It seems like every week we’re hearing about more allegations of sexual misconduct against men in powerful positions, either in recent years or from decades ago.
Now, one of our Washington state Congress members is taking action to help stop the cover-ups.
From, the $100,000 settlement Harvey Weinstein paid Rose McGowan to settle a 1997 hotel room encounter, to the more than $27,000 paid to a former staffer of Congressman John Conyers to settle a wrongful termination issue after she allegedly refused his advances.
It turns out those settlements have been tax deductible since the 1960s, and Congressmember Suzan DelBene says that’s unacceptable.
“It’s really shameful that our tax code allows corporations to deduct settlement payments. And I think it propagates the rampant problem we see of sexual misconduct,” she said.
DelBene introduced a bill to end those tax breaks. The legislation, called Stop Tax Breaks for Sexual Misconduct Act, would eliminate the ability for corporations to deduct damages or settlements paid to victims of sexual misconduct. It would also eliminate the ability to deduct attorneys fees incurred from defending sexual misconduct cases.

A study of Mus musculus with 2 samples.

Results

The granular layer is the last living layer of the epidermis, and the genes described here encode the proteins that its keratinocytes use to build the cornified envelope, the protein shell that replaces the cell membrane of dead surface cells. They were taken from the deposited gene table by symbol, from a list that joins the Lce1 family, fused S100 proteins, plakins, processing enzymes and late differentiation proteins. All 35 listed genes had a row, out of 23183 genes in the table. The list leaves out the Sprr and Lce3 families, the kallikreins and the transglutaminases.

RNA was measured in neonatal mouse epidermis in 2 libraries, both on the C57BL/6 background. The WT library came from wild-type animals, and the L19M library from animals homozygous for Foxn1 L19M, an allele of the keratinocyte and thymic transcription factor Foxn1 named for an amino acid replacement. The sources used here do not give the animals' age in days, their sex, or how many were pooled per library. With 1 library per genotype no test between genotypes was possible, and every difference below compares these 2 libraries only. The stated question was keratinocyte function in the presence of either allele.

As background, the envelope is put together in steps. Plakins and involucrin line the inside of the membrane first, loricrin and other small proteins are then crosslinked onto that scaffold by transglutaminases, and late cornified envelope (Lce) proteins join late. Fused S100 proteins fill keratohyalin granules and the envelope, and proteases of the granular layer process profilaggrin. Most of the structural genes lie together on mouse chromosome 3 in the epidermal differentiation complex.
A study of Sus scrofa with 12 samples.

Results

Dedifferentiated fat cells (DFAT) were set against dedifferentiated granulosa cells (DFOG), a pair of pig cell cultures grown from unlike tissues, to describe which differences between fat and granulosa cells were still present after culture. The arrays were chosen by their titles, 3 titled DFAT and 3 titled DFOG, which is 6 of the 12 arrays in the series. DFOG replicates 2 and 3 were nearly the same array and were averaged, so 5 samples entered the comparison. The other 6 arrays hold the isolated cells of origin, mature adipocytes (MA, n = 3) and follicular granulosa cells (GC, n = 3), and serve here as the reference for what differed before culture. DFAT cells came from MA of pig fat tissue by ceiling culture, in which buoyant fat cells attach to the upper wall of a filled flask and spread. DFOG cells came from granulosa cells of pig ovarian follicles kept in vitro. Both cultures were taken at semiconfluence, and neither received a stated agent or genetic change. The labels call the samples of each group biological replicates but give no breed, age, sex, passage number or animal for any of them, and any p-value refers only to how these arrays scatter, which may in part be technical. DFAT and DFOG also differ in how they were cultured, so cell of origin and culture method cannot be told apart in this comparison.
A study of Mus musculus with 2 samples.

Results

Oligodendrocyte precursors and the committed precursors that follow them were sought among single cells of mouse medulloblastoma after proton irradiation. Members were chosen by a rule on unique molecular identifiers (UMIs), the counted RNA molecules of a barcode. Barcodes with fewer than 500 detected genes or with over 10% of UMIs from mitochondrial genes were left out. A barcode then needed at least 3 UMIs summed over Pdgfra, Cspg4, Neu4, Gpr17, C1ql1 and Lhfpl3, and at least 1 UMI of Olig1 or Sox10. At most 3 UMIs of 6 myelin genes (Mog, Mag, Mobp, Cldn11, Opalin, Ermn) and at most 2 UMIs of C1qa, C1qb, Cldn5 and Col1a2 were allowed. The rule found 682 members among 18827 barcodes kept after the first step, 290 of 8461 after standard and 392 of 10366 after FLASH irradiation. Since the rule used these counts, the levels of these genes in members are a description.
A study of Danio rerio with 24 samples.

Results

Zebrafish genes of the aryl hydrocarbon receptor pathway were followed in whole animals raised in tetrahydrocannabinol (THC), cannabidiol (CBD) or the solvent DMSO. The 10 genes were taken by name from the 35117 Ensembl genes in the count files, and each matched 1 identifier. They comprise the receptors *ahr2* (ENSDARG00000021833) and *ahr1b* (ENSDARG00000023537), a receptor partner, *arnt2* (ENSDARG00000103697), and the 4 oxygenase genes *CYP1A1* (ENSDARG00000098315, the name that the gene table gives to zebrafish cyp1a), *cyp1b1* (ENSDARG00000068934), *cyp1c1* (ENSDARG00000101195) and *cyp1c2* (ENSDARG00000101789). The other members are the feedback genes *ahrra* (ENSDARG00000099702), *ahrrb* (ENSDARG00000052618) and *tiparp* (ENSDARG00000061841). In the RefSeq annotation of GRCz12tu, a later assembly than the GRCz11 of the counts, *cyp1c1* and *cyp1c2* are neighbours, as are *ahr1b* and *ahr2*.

DelBene says allowing tax breaks for payouts is making it all too easy for corporations to keep victims quiet.
“It’s coming into sharp focus that too long settlements have been paid by powerful figures to victims of sexual misconduct in exchange for them signing non-disclosure agreements. It’s kept perpetrators’ reputations intact and company’s names out of headlines, and it ends up we have a payment-for-silence system that’s protected predators and this needs to end. Part of what we can do is offer legislation like this that will increase transparency.”
DelBene says her bill is vital to ending the corporate climate that has allowed so much sexual misconduct to be covered up.
“If we want to make sure organizations create an environment and a culture that encourages people to come forward and report abuses, then we need transparency and accountability, not settlements and silence. My bill would make the price of silence steeper for corporations. It would definitely take a step toward incentivizing real solutions to ending sexual misconduct in the workplace, rather than a system that supports sweeping things under the rug.”
DelBene introduced the bill with a couple of co-sponsors on the Ways and Means committee. She is now looking to drum up support in the Senate.